Hotseating is a drama technique, often used in literacy lessons, in which the teacher or a pupil / pupils assume the role of a character from a book being read in class. Once they have 'become the character' they take the Hotseat (usually a chair at the front of the class) and are asked questions which they have to answer in role.
The approach is extremely useful as it allows the teacher to assess the pupils' understanding of characters in the book. If one assumes a pupil's perspective it is also useful as it encourages them to process information from the book thereby deepening their understanding of the text.
The cognitive demand level of 'Hotseating' is, however, often defined by the 'type' of questions asked . When working with Key Stage 1/2 pupils the author has noted that they often fall into repetitive patterns of questioning. A typical Key Stage 1 Hotseating session in which the teacher 'became' Cinderella began as follows,
Teacher: Now I'm Cinderella. Who would like to ask me a question?
Pupil 1: Did you like the ball?(followed by teacher response)
Pupil 2: Did you like the prince? (ditto)
Pupil 3: Did you like the magic fairy?
The cognitive demand level of such a session is low, due to the repetitive nature of the questions. When analysed one notes that the patterned nature of the questions is a direct result of the pupils assimilating the question stem ('Did you...?') and reusing it to structure their questions.
This situation can be remedied through careful use of a Prompt Poster approach. The teacher needs to prepare a 'Hotseating' poster such as the one below,
In the following session the teacher would assume the Hotseat and model how to use the poster,
Teacher: Now I'm Cinderella. Who would like to ask me a Number Six question?
Pupil1: How did you feel when you saw the Fairy?
Teacher: (Answer) followed by... Who would like to ask me a NumberThree question?
Pupil 2: When did you feel the most happy?
The person in the Hotseat, using this method, is actively involved in controlling the breadth of question types that are asked. Once modelled by the teacher then pupils can take on a role and apply the approach. The teacher would join the rest of the class and would only prompt the pupil in the Hotseat if they didn't encourage a 'spread' of questions.
The prompt poster approach can be varied in order to focus attention on an aspect of characterisation such as Beliefs and Motivation. This approach could be used with older Key Stage 2 pupils to develop a more in depth understanding of character development. A 'Beliefs and Motivation' Prompt Poster (used in exactly the same way as the previous example) is included below:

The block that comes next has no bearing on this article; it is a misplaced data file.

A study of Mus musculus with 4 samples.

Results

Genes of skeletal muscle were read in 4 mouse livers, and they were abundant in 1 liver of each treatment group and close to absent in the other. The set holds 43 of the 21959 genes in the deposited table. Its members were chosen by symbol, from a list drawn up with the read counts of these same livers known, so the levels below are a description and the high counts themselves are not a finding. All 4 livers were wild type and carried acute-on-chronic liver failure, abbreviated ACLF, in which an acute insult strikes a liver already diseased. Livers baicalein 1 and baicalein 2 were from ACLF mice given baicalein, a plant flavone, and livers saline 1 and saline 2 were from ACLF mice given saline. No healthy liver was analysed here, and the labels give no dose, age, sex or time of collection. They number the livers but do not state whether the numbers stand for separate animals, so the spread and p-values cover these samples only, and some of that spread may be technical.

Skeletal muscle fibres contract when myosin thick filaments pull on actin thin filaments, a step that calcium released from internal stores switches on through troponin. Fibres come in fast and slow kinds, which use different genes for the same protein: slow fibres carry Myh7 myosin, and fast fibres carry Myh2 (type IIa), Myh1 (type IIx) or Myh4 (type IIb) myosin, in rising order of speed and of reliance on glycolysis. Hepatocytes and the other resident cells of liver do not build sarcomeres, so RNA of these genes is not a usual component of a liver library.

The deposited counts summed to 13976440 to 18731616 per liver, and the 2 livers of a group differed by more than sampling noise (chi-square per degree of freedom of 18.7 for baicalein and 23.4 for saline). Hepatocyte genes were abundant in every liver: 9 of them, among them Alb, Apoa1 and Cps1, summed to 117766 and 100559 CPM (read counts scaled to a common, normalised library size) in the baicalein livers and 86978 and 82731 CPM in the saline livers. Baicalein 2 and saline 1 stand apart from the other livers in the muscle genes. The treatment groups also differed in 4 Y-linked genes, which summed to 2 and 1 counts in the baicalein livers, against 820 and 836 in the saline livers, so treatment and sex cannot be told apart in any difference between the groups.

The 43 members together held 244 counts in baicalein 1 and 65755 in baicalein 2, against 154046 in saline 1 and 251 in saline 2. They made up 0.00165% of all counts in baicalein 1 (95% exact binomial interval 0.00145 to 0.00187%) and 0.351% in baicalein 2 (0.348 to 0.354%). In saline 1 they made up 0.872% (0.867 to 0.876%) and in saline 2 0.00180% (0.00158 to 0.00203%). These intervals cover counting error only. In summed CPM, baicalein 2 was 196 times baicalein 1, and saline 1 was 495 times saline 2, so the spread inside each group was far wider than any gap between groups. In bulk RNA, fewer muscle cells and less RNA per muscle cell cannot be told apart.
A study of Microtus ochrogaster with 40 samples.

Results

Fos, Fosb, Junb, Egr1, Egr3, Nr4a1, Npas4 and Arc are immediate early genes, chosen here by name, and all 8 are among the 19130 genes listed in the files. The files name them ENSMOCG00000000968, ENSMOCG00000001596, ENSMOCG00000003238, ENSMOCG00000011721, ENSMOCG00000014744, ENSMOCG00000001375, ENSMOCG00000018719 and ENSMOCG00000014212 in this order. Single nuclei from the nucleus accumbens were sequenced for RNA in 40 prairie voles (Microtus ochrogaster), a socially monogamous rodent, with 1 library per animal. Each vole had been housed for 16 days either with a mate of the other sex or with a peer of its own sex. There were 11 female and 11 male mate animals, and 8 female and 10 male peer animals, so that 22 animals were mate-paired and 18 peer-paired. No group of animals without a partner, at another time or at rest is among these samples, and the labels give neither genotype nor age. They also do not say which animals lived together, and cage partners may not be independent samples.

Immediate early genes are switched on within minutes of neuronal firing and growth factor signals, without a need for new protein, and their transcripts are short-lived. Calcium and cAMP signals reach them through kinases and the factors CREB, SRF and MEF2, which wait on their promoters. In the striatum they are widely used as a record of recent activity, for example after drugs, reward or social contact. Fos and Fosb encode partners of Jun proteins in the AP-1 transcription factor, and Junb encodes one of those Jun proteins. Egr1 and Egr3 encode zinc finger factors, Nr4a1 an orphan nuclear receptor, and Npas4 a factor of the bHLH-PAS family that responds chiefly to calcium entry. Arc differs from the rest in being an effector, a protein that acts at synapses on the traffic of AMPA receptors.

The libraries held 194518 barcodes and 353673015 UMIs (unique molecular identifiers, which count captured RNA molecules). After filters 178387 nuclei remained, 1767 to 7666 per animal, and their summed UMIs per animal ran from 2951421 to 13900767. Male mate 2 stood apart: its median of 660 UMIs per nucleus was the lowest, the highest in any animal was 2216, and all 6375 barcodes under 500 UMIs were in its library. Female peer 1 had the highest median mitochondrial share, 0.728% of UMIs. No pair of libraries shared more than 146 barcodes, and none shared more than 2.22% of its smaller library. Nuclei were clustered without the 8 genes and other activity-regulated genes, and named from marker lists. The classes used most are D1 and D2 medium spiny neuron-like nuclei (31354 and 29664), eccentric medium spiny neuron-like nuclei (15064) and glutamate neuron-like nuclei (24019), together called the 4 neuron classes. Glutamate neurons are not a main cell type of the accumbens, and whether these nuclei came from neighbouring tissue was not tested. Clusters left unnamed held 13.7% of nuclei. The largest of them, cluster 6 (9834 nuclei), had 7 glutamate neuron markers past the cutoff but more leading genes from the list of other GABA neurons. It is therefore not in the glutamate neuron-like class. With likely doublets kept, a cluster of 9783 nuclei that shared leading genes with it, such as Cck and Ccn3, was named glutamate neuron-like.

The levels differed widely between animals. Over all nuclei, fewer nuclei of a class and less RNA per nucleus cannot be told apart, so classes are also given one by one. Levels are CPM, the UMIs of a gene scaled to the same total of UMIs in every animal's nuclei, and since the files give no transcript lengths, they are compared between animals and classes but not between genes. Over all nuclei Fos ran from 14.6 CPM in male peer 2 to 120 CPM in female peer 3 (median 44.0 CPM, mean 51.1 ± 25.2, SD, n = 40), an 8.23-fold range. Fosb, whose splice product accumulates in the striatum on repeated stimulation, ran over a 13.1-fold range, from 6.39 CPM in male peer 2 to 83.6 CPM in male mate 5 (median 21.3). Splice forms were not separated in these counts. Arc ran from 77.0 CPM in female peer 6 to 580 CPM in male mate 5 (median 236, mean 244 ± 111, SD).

Hotseating: Beliefs and motivation
If pupils are reticent to assume the Hotseat then it may be prudent for the teacher to begin with Paired Hotseating approaches. Pupil A takes the Hotseat and Pupil B asks the questions. At a given signal the pupils swap roles.
There are numerous ways of varying the traditional Hotseat format. The author uses the following -
Press conferences, Trials and debates also work well!
Hotseating is usually used in literacy contexts to explore character but with a little imagination it provides a useful tool for processing information across the entire curriculum. The author calls this technique 'Personification Hotseating'.
If, for example, the class were studying volcanoes in a geography context the teacher might initiate a short-burst hotseating session :
Teacher: O.K. everyone let's do a quick 'hotseat' game. I'm a volcano! Ask me some questions.
Although this works well in the ad hoc fashion just described it can also be controlled in a manner similar to the literacy specific examples. Instead of question stems being used on the Prompt poster, subject specific words are included. An example of a 'Volcanoes' prompt poster is included below:
If the person in the Hotseat asks for a number 2 question then the questioner must include the word 'lava' in their question. As it is difficult to produce a question if one has no understanding of the subject specific word then the teacher has an opportunity to assess pupils understanding of the focus area.
This approach can be used across the entire curriculum. In science the person in the hotseat could be a Plant; in Art they could become a painting; in mathematics they could become a n umber / shape etc. The opportunities for 'Personification' Hotseating across the curriculum are innumerable and the technique which is undoubtedly enjoyable never fails to capture the attention of the pupils.
If we wish to make our lessons sufficiently distinctive to be accessed by the pupils' long term memory then hotseating is a valuable tool to be applied as a way of making learning both memorable and fun!